A 68-year-old woman and her 65-year-old husband were fatally burned last night when they were trapped on the second floor of a Northwest Washington row house by what a fire official described as an "unsurvivable" blaze.
Six other residents of the three-story brick building at 1203 Harvard St. NW apparently were on the first floor or in the basement when the fire broke out about 7 p.m. and were able to escape without injury, authorities said.
Fire department spokesman Ray Alfred said firefighters were alerted that people were trapped inside, ". . . but there was just too much fire. It was just impossible for them firefighters to go up." Sixty-five firefighters battled the blaze, which took about 15 minutes to bring under control.
Officials identified the dead couple as Charles Wesley Pace, a retired truck driver, and his wife, Anna Mae, a domestic worker. The woman was pronounced dead on the scene. Her husband, who suffered third-degree burns over his entire body, was taken to the burn unit of the Washington Hospital Center, where he died shortly before midnight.
Fire officials estimated damage to the row house at $80,000. The two adjoining row houses, including a facility operated by the Boys and Girls Club Group Homes of Greater Washington at 1201 Harvard St. NW, suffered water and slight fire damage. The 10 young residents of the group home were on an outing when the fire broke out. They were being housed elsewhere last night.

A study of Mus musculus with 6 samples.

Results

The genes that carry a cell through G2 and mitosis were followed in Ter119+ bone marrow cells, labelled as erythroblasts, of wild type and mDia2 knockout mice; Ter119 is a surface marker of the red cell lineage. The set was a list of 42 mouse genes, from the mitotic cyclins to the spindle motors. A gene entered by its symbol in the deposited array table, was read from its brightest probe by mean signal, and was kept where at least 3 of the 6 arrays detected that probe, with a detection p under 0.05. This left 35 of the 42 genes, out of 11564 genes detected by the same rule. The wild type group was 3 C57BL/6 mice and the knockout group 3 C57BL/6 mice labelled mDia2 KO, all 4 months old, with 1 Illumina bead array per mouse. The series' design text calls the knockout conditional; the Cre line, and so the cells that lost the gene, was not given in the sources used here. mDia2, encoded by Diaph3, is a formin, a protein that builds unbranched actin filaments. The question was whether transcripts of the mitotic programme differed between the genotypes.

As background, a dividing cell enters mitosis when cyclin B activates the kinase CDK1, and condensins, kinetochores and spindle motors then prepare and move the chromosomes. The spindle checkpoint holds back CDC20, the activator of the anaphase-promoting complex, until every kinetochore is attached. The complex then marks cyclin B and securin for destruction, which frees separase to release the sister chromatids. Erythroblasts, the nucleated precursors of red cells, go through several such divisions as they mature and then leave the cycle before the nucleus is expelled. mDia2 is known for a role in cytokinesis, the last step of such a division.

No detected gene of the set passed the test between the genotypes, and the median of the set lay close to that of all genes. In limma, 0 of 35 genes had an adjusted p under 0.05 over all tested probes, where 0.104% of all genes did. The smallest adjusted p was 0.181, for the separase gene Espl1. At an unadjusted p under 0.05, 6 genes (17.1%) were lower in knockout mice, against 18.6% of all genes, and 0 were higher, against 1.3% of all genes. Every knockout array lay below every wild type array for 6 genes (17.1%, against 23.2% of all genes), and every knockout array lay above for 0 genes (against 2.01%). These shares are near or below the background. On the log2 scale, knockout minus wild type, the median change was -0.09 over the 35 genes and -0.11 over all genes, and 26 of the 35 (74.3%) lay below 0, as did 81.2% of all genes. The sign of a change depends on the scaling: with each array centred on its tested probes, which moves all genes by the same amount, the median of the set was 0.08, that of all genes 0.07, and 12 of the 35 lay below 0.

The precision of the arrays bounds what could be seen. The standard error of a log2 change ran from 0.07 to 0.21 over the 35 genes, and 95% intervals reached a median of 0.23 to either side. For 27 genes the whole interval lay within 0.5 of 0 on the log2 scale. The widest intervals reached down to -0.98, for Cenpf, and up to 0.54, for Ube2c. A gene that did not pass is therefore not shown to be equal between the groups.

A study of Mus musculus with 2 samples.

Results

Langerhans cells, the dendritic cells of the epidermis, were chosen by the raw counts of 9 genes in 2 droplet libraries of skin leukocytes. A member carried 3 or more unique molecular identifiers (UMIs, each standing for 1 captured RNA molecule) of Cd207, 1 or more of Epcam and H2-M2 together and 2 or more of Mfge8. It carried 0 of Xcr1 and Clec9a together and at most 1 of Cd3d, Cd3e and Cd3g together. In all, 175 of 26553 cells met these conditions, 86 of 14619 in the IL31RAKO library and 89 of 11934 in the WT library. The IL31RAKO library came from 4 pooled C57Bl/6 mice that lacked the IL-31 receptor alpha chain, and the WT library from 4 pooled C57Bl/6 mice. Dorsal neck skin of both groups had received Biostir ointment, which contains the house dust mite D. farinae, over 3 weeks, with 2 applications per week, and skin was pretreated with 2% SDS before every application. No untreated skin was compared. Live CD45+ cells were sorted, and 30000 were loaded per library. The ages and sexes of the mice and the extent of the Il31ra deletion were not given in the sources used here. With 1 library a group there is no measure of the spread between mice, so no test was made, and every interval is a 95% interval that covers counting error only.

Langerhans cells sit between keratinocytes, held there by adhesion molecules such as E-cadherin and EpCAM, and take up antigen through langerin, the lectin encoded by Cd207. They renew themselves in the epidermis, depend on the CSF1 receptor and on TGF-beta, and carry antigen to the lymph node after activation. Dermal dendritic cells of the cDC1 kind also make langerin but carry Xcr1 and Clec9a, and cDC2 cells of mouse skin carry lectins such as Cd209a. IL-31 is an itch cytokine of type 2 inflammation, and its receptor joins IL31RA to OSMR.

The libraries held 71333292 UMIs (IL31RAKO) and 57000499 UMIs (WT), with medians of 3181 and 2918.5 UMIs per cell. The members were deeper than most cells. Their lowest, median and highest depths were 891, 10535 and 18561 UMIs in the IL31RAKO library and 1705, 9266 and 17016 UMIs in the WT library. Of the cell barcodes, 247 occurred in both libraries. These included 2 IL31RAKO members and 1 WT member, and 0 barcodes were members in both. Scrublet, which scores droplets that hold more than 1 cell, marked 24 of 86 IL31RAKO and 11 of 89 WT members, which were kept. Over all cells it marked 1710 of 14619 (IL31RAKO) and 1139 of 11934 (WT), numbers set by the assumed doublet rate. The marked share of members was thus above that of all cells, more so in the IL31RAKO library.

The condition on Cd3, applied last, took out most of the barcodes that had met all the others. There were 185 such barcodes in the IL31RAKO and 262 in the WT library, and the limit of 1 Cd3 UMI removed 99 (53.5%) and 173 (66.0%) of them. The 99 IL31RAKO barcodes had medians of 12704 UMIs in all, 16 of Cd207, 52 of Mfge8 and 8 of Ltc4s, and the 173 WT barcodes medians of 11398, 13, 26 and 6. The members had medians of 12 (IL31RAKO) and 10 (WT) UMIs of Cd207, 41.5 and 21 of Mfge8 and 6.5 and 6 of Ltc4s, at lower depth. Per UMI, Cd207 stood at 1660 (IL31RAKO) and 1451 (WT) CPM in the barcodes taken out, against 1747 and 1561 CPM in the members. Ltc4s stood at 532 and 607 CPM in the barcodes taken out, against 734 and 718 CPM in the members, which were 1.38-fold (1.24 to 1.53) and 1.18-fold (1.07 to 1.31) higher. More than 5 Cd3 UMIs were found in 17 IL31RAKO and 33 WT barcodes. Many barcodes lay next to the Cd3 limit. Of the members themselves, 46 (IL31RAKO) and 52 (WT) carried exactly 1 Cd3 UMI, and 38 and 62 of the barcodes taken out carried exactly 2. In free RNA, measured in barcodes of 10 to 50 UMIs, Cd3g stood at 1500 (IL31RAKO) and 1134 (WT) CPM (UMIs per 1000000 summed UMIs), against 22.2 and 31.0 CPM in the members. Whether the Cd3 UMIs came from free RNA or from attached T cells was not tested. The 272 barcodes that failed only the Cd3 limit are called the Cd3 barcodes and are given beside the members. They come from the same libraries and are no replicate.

Investigators said last night that the blaze started in the stairway area of the first-floor foyer and spread quickly to the second floor, where the Paces lived.
Hilda Dunn, 63, who lived with her 60-year-old husband Joseph on the third-floor of the house, said they were eating dinner in the first-floor kitchen when Anna Pace yelled to her for help.
"We tried to get her, but the smoke was so heavy," Hilda Dunn said later.
Myrties Jones, owner of the house and the mother of Charles Pace, was in the first-floor dining room when the fire was discovered, and Katherine Primrose, who lived in the basement apartment with her daughter Natausha, said Jones beat on the floor with her cane to alert them.
Jones and the Dunns fled out the back door. An eighth resident, James Thompkins, 65, and a brother of Anna Pace, escaped without injury.
Four firefighters suffered apparently minor injuries in the fire, and none required hospitalization, officials said.